What is wrong with Boxer's hoof, in Animal Farm?



The humans are not happy leaving Animal Farm to the animals.  After losing the Battle of the Cowshed, they regroup and come back again in what the animals end up calling the Battle of the Windmill, because the windmill is destroyed.  In this battle, Boxer is injured badly.  He fights valiantly, attacking many men by bashing their heads in with his hooves.

His knees were bleeding, he had lost a shoe and split his hoof, and a dozen pellets had lodged themselves in his hind leg. (Ch. 8)

After the battle, Boxer takes a long time to heal.  The pigs had previously announced that older animals would retire, but that is not what happens to Boxer.  Even though he is the one animal who always supported Napoleon, and always said he would work harder and Napoleon was always right, Napoleon does not support him.  The pigs tell the animals Boxer is going to get treatment, but Benjamin knows better.

"Fools! Fools!" shouted Benjamin, prancing round them and stamping the earth with his small hoofs. "Fools! Do you not see what is written on the side of that van?"…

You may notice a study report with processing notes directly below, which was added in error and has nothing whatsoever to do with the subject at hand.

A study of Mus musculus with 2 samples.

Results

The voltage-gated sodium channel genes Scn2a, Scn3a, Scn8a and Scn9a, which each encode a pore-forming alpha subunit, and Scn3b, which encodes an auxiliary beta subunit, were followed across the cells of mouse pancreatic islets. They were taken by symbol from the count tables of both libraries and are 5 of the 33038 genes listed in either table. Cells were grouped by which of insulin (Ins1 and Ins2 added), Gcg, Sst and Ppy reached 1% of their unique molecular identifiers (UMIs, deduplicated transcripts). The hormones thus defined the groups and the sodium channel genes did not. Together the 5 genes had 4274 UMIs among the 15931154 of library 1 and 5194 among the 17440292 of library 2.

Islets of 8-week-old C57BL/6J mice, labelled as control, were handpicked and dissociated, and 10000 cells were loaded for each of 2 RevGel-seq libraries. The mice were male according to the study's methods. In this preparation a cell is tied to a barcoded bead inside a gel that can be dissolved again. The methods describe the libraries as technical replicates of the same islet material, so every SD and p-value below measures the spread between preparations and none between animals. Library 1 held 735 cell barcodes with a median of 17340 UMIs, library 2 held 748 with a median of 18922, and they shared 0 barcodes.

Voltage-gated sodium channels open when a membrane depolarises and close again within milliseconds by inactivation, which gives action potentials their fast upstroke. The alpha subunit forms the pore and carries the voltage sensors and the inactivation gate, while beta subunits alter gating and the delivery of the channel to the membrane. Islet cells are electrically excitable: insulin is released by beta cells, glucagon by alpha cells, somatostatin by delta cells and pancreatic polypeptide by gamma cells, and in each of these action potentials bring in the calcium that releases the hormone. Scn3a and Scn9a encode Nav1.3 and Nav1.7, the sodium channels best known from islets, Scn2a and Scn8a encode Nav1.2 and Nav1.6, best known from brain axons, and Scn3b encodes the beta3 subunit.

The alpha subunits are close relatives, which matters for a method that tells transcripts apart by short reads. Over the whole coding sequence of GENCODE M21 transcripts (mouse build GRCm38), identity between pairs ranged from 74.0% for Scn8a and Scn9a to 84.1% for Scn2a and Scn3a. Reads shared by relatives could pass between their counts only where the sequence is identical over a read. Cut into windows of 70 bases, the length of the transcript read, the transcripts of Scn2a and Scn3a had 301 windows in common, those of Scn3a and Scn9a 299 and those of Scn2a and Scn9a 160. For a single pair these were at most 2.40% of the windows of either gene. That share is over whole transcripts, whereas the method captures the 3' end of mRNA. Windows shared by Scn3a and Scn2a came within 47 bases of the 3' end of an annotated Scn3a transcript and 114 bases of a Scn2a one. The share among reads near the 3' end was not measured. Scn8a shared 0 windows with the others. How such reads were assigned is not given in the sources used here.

" 'Alfred Simmonds, Horse Slaughterer and Glue Boiler, Willingdon. Dealer in Hides and Bone−Meal.  Kennels Supplied.' Do you not understand what that means? They are taking Boxer to the knacker's! " (Ch. 9)

This is proof that the pigs are no different than the people. They are opportunistic and only out for profit. Boxer is no longer useful because he can’t work, so they are going to get what little money out of him they can.  Even though he is a fellow animal, they are selling him to a butcher.  This is just what Jones would have done.

This incident demonstrates that the pigs really are no different from the humans in how they manage the farm, except that they might be colder and more heartless.  They take advantage of their own kind.  The people see animals as things to own, but the pigs seem to see the other animals the same way.  Isn’t it worse when you betray your own?  This is why by the end of the book, the animals can no longer tell the people from the pigs.